Philips, an industry leader in connected devices and services, recently released a faulty version of their iOS Hue app that instantly crashes when you launch it. Instead of controlling lights from a phone or tablet, as is the primary selling point of the Hue connected lighting platform, this faulty update is a small but significant reminder that a lack of testing comes at a price to brand and customer experience.
Considering that early last year, Apple acquired TestFlight, a service to help companies beta test iOS app releases, this sort of thing could have been prevented with minimal impact to release date or cost. Even after Apple strategically discontinued Android support from TestFlight, there are still plenty of alternatives like HokeyApp and Appaloosa that cover multiple platforms.
Moral: there is no excuse left for not properly testing your mobile apps.
Of course, it makes perfect sense that Philips hasn’t released any information on why the app is now crashing (I wouldn’t, I’d just fix it and say sorry). That said there are a few things we already can be done to avoid this kind of embarrassment:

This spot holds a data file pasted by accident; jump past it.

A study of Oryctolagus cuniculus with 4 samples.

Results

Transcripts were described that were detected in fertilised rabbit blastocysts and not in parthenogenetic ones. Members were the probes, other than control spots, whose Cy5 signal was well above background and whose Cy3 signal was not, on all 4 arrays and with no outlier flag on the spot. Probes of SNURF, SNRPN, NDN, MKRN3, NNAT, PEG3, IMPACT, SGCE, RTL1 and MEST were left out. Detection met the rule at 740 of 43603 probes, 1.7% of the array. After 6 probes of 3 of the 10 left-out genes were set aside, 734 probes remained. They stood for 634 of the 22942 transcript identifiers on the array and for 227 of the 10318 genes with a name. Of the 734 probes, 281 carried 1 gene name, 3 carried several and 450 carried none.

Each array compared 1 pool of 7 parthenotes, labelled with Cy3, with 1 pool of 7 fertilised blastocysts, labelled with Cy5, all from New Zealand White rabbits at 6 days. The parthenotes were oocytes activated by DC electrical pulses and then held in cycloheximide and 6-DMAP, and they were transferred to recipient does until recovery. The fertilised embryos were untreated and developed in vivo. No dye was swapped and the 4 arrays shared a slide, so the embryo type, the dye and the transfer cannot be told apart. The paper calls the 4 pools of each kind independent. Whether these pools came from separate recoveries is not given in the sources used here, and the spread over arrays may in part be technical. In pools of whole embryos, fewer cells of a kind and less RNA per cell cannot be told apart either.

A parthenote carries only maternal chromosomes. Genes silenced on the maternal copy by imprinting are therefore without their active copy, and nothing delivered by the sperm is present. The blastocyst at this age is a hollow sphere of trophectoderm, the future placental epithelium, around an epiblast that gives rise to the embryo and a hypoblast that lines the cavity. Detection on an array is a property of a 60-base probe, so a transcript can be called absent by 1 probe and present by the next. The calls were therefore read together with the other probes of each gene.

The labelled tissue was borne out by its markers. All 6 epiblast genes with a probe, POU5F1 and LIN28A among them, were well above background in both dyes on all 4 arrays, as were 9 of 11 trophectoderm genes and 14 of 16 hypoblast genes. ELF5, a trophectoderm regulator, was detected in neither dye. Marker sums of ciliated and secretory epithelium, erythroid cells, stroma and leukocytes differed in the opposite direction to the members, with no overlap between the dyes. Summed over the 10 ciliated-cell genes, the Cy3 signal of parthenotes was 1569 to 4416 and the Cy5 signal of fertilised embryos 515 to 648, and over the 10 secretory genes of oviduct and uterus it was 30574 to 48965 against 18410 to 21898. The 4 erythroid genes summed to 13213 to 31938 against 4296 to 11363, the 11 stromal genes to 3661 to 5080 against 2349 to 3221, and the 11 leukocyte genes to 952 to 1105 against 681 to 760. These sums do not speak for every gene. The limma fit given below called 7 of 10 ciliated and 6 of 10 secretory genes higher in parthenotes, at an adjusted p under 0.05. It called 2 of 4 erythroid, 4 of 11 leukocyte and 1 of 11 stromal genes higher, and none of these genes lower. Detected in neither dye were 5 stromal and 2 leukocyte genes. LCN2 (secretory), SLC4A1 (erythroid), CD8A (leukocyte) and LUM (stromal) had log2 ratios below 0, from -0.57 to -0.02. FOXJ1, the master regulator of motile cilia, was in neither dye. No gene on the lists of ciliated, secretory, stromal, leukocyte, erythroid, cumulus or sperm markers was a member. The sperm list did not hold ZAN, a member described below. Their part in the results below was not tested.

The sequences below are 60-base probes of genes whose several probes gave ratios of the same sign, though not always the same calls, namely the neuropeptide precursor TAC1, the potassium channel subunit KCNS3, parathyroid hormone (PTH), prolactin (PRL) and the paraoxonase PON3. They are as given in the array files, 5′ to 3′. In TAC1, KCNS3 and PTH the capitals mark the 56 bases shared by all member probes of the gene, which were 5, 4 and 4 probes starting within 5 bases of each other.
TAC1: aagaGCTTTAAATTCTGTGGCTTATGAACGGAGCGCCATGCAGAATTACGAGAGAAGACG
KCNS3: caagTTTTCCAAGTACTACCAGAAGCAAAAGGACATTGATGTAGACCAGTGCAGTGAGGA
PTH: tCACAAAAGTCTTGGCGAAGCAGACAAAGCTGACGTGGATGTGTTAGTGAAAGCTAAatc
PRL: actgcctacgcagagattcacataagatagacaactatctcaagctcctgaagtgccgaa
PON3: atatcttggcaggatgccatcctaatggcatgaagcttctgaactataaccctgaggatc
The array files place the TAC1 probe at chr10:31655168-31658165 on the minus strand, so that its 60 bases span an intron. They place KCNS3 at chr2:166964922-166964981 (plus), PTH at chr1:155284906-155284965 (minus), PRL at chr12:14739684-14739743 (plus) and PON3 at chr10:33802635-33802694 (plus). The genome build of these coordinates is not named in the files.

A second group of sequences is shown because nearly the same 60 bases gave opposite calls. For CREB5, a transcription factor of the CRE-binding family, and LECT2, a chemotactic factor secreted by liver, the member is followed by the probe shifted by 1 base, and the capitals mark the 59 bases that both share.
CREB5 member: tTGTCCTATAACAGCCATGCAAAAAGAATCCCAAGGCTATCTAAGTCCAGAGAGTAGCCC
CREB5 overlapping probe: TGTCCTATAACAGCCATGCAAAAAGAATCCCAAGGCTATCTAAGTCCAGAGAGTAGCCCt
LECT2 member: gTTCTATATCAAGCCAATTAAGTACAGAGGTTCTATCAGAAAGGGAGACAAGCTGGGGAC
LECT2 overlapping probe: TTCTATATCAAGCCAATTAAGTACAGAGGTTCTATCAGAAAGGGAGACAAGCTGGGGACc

- Test both the first-time install and upgrade processes for known/supported device models
- Automate testing key user stories in your mobile app, which by definition include launching the app
- Plan out a release (even minor ones) to include enough time for solving issues and re-testing
- Beta test (validate) with a representative set of users and devices before releasing it to everyone
For those who think this will all take too much time, just consider the cost of people uninstalling apps, returning devices, and tweeting your failure to the world. The best way to ensure that connected services, apps, and devices will provide an excellent user experience is to build them well and test them thoroughly.